They'll tell you who's the best dancer, who's the funniest player on the team.
But there was one topic most of the players didn't want to discuss.
And there was plenty of it when Willie Cauley-Stein sliced his hand open in practice a few weeks ago, forcing him to get 18 stiches on his right pinky finger.
"I never saw it," senior Jon Hood said. "I refused to look at the pictures. I don't do blood and guts real well, so I just refused it all."
Freshman Dakari Johnson did see it, but he's not wiling to relive it.
"Oh yeah, it was pretty gross," Johnson said. "I don't want to talk about it."
So he didn't. But Cauley-Stein did.
The 7-foot center said he injured his hand on a hustle play. The pain isn't entirely gone, but he started practicing Monday.
"Yeah it's still healing but I'm able to finally practice so that's the most important thing," Cauley-Stein said.
"I was trying to block a shot and hit the back of the rim and split it open. I had to get like 18 stiches. It was really freaky."
What's freakier is that Cauley-Stein easily jumped to the back of the rim on the play. Hood said that's just the way he plays.
"Willie is way above the rim though," Hood said. "You can't teach 7-foot with a 38-inch vertical, or whatever he's got. It's something ridiculous."
However, Cauley-Stein's freakish athleticism cost him on that play. While his hand healed, he didn't remain idle.
He couldn't play basketball, so Cauley-Stein sought out strength and conditioning coach Rock Oliver and hit the weights.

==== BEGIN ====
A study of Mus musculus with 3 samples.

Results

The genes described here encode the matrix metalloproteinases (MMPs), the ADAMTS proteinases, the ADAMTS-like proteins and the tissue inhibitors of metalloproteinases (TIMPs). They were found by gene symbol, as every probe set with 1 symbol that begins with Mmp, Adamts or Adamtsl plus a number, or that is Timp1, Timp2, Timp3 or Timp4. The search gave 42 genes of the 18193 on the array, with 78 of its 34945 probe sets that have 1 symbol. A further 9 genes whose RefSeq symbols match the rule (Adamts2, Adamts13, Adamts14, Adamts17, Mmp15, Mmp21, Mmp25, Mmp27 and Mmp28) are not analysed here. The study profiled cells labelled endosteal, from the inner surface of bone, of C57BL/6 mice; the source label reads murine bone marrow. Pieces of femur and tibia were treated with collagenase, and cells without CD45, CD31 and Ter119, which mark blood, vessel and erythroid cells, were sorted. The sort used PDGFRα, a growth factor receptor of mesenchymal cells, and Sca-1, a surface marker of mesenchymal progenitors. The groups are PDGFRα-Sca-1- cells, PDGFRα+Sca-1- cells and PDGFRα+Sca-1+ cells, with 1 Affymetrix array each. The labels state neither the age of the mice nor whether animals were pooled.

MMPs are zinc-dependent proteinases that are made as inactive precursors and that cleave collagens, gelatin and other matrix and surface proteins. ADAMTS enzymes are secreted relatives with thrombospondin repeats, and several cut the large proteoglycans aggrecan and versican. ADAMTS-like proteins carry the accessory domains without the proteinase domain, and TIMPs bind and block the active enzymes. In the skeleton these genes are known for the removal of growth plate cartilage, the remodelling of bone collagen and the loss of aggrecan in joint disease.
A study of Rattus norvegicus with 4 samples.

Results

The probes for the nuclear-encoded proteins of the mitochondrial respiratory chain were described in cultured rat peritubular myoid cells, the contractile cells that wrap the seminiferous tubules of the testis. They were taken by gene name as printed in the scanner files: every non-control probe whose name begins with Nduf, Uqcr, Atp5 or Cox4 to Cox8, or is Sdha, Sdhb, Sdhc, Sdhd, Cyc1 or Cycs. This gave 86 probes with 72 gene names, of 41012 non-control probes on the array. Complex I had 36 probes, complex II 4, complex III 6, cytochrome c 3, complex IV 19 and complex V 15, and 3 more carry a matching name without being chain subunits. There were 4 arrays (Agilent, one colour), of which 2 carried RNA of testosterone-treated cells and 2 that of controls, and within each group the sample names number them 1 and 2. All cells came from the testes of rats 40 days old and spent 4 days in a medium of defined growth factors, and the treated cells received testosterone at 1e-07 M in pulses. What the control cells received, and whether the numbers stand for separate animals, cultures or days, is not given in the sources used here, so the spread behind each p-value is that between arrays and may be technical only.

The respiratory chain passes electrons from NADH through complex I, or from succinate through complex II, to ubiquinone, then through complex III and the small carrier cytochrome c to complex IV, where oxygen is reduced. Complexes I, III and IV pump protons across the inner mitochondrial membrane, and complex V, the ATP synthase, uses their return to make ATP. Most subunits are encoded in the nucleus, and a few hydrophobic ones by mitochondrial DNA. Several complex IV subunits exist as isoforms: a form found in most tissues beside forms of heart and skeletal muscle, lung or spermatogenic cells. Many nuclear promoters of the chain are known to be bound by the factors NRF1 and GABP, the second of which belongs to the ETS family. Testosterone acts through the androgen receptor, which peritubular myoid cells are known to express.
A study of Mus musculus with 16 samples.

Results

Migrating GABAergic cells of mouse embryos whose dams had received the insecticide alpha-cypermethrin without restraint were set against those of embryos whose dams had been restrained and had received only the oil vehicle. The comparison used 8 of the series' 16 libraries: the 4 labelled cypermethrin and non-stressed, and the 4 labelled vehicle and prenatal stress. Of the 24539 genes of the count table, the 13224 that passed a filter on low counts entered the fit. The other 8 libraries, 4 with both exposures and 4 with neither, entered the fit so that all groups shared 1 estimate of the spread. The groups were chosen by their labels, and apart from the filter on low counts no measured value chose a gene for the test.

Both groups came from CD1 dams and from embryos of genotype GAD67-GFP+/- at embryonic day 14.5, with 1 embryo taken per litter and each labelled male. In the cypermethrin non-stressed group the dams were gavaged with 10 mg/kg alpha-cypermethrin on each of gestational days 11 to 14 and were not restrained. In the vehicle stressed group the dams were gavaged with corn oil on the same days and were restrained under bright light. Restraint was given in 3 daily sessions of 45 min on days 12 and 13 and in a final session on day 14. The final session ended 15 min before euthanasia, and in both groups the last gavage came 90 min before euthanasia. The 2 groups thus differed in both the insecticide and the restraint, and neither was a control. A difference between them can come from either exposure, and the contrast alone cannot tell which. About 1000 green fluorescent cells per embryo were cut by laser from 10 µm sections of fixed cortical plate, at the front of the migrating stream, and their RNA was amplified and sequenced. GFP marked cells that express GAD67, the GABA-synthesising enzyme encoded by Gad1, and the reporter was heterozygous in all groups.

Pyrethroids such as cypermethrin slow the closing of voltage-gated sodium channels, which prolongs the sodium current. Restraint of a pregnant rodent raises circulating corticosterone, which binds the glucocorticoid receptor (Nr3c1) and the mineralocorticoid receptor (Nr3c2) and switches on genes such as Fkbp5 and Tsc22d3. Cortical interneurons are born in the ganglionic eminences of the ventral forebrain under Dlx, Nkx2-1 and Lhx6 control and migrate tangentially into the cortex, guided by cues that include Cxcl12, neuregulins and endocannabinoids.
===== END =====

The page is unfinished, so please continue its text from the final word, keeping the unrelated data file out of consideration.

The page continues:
"At times it was hard but I just focused on myself and what I had to do to make sure I was ready when I was done healing to get back and jump right in," Cauley-Stein said. "I spent a lot of time with Rock doing a lot of conditioning and strength stuff. (Monday) was my first day of practice and I felt really good condition wise, so now it's just time to catch back up to everyone else."
But Cauley-Stein wasn't going to lie. He said he knew if he didn't work while he wasn't practicing, there's a chance he could have lost minutes.
And with Johnson, Rivals' No. 2 incoming center, on his heels, Cauley-Stein needed to be productive, because he knows all the freshman are trying to start.
"Yeah, they came here for a reason," Cauley-Stein said. "They're going to be as good as everyone else that has came through, and have the same expectations."
There are expectations for Cauley-Stein, too.
During his freshman season he showed flashes of being the top center in college basketball. In year two head coach John Calipari wants to see leadership. Leadership along with his athletic skill-set can propel Cauley-Stein to one of the nation's top players.
And while he was active while injured, Cauley-Stein can't lead the team from the sidelines.
"Hard to lead," Calipari said, "Hard to make the club in the tub."
Cauley-Stein's out of the tub and back on the court, and the club has noticed after one practice.
"He looked really good (Monday)," Hood said. "He elevated practice, energy level went up, competition level went (up). Dakari has a tougher time throwing Willie around than Marcus (Lee)."
Adding another body to practice gives the Cats more options -- especially a body as big as Cauley-Stein's.
"Now you've got a couple of 7-footers on each (scrimmage) team, a couple of 6-foot-9s on each team, a couple of 6-foot-8s on each team," Calipari said.
While Cauley-Stein inches closer to 100 percent, and adds more depth to a loaded frontcourt, he's past his gruesome hand injury.
And he's looking forward to an action packed sophomore season.
"I feel good about this year and what's going to come," Cauley-Stein said.